Island Mele: Compilation educates on several levels about beauty of west Maui
Multi-Na Hoku Hanohano Award-winner Nicholas Keali‘i Lum is the producer and annotator of this highly significant compilation of songs written about areas that share the mountains of west Maui.
Multi-Na Hoku Hanohano Award-winner Nicholas Keali‘i Lum is the producer and annotator of this highly significant compilation of songs written about areas that share the mountains of west Maui. Some are classics from decades past, others were newly written for the project. They are part of a larger body of work that currently includes a beautifully illustrated, 236-page songbook distributed by Kamehameha Publishing, and which will eventually be expanded with a second compilation album.
Hawaiian music is well known for the technique of kaona (hidden meanings). There are many kaona in play here.
The collection opens with the title song, “Lei Nahonoapi‘ilani.” The lyrics as translated describe the beauty of a section of the west Maui coast; there are likely some hidden meanings as well. The melody — taken from the 19th century hymn “I Left It All With Jesus,” written by American composer James McGranahan — is best known in Hawaii for its use with lyrics written by Lorenzo Lyons to create the Hawaiian anthem “Hawai‘i Aloha.”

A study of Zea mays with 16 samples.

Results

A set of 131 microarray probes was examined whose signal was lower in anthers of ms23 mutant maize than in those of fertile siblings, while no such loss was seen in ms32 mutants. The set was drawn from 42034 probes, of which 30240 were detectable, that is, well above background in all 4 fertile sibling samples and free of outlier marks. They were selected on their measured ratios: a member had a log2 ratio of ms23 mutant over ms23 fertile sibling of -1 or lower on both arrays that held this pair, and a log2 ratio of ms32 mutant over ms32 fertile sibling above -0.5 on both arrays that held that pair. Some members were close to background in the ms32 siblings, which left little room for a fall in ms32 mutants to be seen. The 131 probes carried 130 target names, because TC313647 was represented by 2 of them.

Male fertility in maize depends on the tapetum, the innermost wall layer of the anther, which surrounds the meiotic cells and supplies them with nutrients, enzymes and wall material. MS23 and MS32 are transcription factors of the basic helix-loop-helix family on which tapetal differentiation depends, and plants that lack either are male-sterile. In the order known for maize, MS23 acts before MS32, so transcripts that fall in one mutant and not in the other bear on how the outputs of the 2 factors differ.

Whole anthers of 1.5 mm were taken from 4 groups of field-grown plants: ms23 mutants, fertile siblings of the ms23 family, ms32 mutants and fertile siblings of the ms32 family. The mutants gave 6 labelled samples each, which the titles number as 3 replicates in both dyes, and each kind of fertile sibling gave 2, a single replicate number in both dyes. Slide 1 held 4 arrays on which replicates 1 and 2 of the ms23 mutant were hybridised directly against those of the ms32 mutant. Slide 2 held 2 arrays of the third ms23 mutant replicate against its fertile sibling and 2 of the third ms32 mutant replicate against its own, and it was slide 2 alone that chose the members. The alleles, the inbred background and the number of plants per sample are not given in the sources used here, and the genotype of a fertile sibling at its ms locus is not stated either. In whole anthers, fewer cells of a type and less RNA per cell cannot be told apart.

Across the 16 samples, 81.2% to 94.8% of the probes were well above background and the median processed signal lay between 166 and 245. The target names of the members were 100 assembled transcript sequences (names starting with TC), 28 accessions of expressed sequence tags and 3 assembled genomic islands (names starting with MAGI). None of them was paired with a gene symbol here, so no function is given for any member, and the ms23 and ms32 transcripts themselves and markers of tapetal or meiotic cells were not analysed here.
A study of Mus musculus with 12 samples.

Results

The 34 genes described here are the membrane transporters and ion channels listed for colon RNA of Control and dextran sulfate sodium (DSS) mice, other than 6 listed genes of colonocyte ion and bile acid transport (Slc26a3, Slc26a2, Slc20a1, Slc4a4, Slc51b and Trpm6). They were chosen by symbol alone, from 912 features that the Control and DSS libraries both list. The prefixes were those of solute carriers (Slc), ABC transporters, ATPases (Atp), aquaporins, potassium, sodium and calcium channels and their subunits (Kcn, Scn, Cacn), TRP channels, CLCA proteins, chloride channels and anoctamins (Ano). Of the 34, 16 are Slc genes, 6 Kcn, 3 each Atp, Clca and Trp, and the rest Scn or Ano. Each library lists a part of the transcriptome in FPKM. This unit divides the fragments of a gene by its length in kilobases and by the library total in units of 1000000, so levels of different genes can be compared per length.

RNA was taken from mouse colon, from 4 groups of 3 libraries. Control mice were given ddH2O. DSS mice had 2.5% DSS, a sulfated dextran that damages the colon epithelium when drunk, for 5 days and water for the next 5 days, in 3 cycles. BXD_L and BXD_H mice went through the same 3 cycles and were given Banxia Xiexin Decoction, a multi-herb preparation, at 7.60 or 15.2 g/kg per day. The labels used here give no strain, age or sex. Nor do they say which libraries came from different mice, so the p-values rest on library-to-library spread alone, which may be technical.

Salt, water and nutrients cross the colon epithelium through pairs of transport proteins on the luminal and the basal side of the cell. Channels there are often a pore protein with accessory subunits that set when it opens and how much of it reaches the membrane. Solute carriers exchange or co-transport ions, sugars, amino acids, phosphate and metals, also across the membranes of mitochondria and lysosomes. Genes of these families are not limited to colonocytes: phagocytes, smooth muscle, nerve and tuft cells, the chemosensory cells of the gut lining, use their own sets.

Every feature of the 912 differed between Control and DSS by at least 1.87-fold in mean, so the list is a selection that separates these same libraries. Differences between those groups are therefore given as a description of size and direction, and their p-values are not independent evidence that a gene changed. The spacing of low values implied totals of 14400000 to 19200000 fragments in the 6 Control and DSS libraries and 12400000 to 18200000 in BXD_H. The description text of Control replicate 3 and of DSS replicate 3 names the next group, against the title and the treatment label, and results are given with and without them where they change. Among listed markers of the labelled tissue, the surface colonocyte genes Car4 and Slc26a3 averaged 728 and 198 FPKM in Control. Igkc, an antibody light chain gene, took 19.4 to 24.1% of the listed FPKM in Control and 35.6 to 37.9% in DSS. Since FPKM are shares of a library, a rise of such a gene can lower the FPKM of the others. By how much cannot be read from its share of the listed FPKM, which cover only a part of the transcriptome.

“Lei Nahonoapi‘ilani” is performed by a group named Project Kuleana. The other songs spotlight individuals — Ikaika Blackburn, Amy Hanaiali‘i Gilliom, Uluwehi Guerrero, Kamaka Kukona and Keali‘i Reichel to name five. Almost all are Hoku Award-winners. All are either Maui residents or have family ties to the Valley Isle.
Hoku Award-winner Mihana Aluli Souza is Oahu born and raised, but connected to Maui through her mother, Irmgard Farden Aluli. That makes it doubly fitting that Souza is heard singing “Mahalo Lahaina,” which was written by her mother and Mary Kawena Pukui.
Lum, his brother Zachary Alaka‘i Lum, Jeff Au Hoy and Anna Callner contribute their talents as the studio musicians for the project.
There is deeper kaona in the intent of the project that goes beneath the multiple layers of meaning within the lyrics of the individual songs. Lum writes in the liner notes that many people find it easier to memorize song lyrics than text in prose. Therefore, he continues, as Hawaiians memorize the lyrics of these songs they will be learning and committing to memory the unique qualities of these West Maui locations.
Underneath that is a deeper message still: Before Hawaiians adopted haole (non-Hawaiian) concepts of land ownership, the ‘aina was not an interchangeable “one size fits all” commodity but “a distant ancestor of the Hawaiian people, an ancestor that we honor, here, by way of mele.“
The album is available via Island Heritage Music at welcometotheislands.com.